Twin Atlantic – GLA review
Twin Atlantic -GLA Review
Your forming years are filled with awkward spine twisting moments. Times where your social life and under-bite both exist in hermitage. You need this time, to learn facts. Facts like chatting on mxit on the toilet can end in the loss of a phone, or that prawn buffets steal happiness from the next day. God forbid prawn buffet day before mxit on toilet day! As heart-breaking as it is, you grew out of that awkward space, and into the cool twenty-something/ you are today.
I dreaded doing the review for Twin Atlantic’s first single, No sleep, a few weeks ago. I wasn’t a fan and felt like I was going to thumb-suck my way through it. Boy, was I wrong! I’d sold them short. I’d made an assumption. Twin Atlantic has kicked off their head gear, lost the overbearing lisp and grew into GLA. The new album is their welcoming to manhood.
After listening to GLA, I feel we need to talk about the following few tracks:
The album kicks off with Golden Elephant: Cherry Alligator. “Kiss it real good, Kiss it real good.” This song KLAPS you. It almost feels as if it’s moering your core being. Removing little chips of cynicism with each drum beat. The thick baseline fades in and takes over your limbs. Suddenly you find yourself in a moshpit, in your own home, bumping tables and sliding around like Tom Cruise.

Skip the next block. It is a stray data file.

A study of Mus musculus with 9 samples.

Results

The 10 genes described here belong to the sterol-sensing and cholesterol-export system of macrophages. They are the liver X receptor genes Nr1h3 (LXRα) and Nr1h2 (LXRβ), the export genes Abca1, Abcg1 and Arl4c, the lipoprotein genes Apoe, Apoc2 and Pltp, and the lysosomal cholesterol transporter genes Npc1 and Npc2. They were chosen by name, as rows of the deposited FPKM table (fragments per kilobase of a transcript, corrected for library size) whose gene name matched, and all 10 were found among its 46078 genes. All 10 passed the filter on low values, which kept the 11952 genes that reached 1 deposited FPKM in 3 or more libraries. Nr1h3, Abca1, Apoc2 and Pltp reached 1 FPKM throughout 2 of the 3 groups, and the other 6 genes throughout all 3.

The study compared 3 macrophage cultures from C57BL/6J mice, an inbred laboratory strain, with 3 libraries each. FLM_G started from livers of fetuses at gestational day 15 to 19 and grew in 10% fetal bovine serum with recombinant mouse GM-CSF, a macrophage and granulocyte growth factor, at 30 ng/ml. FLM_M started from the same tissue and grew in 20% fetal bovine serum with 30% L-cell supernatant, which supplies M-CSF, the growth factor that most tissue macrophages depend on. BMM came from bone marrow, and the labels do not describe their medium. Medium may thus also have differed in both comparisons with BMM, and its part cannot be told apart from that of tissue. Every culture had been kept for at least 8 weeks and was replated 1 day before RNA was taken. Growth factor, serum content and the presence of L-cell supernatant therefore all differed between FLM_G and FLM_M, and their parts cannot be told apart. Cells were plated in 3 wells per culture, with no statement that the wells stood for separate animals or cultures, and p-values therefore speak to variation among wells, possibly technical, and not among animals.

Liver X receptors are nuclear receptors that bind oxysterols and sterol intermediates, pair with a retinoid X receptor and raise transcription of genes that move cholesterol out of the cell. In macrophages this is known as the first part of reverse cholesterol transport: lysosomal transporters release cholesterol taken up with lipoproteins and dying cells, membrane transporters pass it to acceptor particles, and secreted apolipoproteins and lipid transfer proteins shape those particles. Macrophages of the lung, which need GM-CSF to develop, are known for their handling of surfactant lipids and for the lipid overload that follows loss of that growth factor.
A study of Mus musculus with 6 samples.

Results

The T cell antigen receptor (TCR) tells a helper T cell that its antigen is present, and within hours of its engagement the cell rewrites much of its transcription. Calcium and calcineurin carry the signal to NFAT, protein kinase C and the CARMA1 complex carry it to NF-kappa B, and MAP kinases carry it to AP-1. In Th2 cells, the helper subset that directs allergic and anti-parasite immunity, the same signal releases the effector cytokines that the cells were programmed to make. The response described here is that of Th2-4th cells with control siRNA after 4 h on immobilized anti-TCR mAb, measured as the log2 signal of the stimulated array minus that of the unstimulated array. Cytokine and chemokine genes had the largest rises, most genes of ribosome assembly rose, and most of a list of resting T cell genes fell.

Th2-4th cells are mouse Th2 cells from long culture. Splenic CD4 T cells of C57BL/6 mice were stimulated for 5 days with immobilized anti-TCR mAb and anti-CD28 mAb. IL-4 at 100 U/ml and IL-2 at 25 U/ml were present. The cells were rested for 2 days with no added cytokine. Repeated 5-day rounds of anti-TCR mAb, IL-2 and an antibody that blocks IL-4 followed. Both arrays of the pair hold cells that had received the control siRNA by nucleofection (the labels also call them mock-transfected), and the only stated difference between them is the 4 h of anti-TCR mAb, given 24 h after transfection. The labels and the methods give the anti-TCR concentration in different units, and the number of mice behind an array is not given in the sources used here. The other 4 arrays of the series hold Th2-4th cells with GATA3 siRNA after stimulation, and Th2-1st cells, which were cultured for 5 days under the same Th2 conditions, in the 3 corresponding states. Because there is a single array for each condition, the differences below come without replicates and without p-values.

I feel Royal Blood in this. Sam McTrusty, the vocalist, finally sounds like a rockstar to me.
Next is No sleep. “I take pills and I drink alcohol. Ready or not, day dreaming’s got to stop.” This song reminds me of sleep-deprived break downs. You take pills and drink alcohol to chase the feeling away but it stays.
After getting all of THAT off my chest, You are the Devil begins. Their head gear returns slightly. Alongside Overthinking, the tempo slows down. As much as this is a contrast, I’m glad they gave a nod to their old sound.
Ex El has a haunting start. “People love their own voice more than anything. People laugh, people scream until you listen to them.” It might just be me but this song makes me feel like it’s alright to be yourself. It’s okay to be different. This is another fact you learn when growing up. I think Twin Atlantic had this feeling after the overwhelming success of Great Divide and it probably stayed with them through-out the creation of this album.
The band’s second single release, The Chaser, emphasises this. “I tried hard to believe Satisfaction is guilt and love all that is greed.” The theme of chasing unrealistic expectations bubbles up to the surface once more. I can see them writing this track after their first album meeting with the record executives. The guitar is playful. The drumming folds in smoothly. I can see myself scream-singing this in Jo’burg traffic.
All and all, this is a good album. If you are a Great Divide fan this might be a leap out of your comfort zone. But hey, that is where the magic happens. To all newbies and renowned Cynics: give this album a spin. It’s lekker. It’s good for your soul.
I give this album 7/10. It’s a Nelson Mandela giving Fracois Pienaar some Lays.